Core Team

Millions Missing Canada is staffed by dedicated volunteers. Here are the four members of our core team.

Barbara Fifield
As a long term survivor of severe ME as well as a caregiver to a son with severe ME, I am intimately familiar with the physical, emotional and social ravages of this cruel and relentless disease. Equally cruel, is the current dismal research and health care landscape for ME in Canada, a direct result of the compounded biases and failures of our government, health officials and medical personnel in facing the challenges of this disease.

I look forward to the entire backdrop for ME changing in Canada with a new and healthy foundation built on the latest sound research and offering effective interventions. I look forward to the myths and misconceptions about this illness quickly being dispelled and corrected. I look forward to our officials and physicians being educated and well informed about the serious nature of this disease and partnering with us in delivering equitable health care, resulting in patients being treated with care, dignity and respect on par with any other disease.

For those who once led full and vibrant lives and are now suffering endlessly, all of this cannot happen fast enough. Inaction from our government is no longer acceptable. Not to speak is to speak. Not to act is to act. Change begins with a choice and a single step in the right direction. Let’s step up together!


Scott Simpson
I have been living well with HIV since 1998, and suffering a lot with ME since August 9, 2012. I am a medal winning triathlete and 3 time member of the national triathlon team in my age group. Now, on good days, I can walk for 10 minutes on flat ground. I can accept the ME diagnosis, and I can accept the bleak prognosis, but I cannot accept the harm our health care system perpetuates on Canadians suffering with ME. I have experienced both ends of our health care spectrum, from the very best research and treatment in HIV, to non-existent research funding and either no or harmful treatments with ME.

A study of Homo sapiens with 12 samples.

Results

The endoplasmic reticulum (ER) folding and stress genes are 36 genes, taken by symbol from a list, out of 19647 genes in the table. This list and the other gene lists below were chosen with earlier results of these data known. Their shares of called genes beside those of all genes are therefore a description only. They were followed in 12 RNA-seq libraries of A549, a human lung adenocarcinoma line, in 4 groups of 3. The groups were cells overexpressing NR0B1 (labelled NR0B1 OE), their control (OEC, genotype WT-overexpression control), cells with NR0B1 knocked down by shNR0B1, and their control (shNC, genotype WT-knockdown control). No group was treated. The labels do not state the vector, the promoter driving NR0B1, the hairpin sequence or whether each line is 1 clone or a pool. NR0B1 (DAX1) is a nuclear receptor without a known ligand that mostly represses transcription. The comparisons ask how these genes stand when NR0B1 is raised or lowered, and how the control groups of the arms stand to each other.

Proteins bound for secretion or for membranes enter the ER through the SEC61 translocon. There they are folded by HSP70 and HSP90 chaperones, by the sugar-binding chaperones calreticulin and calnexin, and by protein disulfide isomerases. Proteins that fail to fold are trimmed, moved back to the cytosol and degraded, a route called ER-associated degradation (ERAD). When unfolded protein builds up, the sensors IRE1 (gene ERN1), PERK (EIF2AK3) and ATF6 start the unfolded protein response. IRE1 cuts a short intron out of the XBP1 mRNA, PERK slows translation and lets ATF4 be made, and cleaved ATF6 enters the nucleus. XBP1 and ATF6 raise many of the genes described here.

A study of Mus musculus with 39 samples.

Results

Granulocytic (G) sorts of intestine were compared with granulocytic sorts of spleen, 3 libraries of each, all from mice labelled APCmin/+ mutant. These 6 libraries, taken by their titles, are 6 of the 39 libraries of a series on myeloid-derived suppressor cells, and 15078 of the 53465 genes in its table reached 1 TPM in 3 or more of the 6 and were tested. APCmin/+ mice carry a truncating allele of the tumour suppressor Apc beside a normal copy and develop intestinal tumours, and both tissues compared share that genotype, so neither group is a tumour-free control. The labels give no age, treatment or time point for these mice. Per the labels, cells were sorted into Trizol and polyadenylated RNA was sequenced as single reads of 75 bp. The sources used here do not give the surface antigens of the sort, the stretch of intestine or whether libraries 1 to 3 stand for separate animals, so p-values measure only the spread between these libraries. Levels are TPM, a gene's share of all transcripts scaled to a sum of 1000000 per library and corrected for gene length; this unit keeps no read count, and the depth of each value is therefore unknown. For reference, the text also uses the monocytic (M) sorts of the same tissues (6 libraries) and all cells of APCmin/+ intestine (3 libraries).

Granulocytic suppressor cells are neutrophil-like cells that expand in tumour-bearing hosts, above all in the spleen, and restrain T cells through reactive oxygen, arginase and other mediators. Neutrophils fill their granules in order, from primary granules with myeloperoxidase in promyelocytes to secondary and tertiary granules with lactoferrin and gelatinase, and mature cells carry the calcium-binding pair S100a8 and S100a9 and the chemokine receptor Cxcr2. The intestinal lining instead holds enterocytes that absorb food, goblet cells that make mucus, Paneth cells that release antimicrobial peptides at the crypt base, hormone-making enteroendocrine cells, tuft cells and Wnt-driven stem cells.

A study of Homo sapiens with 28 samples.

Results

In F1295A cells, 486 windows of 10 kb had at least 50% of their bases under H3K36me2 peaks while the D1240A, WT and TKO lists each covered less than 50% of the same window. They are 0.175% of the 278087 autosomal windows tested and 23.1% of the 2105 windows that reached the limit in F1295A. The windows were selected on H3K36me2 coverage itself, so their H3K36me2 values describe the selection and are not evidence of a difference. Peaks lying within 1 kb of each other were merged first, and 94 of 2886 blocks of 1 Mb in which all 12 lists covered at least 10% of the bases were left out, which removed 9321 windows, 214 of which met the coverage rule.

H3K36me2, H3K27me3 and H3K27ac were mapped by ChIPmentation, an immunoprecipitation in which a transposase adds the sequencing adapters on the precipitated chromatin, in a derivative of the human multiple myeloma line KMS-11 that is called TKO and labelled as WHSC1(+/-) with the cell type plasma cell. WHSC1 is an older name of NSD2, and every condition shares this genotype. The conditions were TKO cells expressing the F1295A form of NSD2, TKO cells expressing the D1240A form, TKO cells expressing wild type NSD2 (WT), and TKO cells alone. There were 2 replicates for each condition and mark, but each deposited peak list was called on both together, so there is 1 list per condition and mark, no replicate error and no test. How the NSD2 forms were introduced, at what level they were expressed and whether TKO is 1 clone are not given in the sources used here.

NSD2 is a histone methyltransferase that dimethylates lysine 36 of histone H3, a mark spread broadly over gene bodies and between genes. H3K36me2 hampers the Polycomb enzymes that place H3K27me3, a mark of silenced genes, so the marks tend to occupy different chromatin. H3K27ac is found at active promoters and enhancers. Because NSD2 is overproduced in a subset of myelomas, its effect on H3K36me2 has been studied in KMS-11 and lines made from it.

Elizabeth Sanchez
Mother/carer/advocate for my inspirational 26 year-old daughter, who has been housebound since 2009 and bedbound since 2013. My goal is to work with others to create a safer and more hopeful environment for my daughter, an environment where she will not be left unprotected and vulnerable should anything happen to me or her father. Through advocacy, I am hoping we achieve: equitable funding for ME research in order to provide hope for a healthy future for all ME patients; education of health care professionals so that no ME patient has to suffer this illness alone and without guidance; appropriate supports and services for severe ME patients, so they can manage their illness with dignity and without fear; and a platform for patients to have a voice, no matter how severely this wretched illness affects them.


Jeffery Smith
I have been significantly ill with ME since I contracted a flu in Sept 1996. Like many people, it took me years to get a proper diagnosis, including six job and two career changes of lower capabilities to meet my continual physical and mental decline. Over the past 5 years I have become more severely ill but even at this level I know I am better off than so many others. I can still work part-time at home, being mostly house-bound. It cost me $8000 and a trip to Stanford University in Palo Alto California to get a diagnosis, an apology from the medical community for the abuse ME patients suffer and some hope and treatment. It was at that point I realized that even in my limited capacity, I need to speak out since I still have the ability and so many others are too ill to do so themselves. In Canada, we need and deserve the kind of acknowledgement, treatment and research that is found in other countries. We need and deserve to be seen.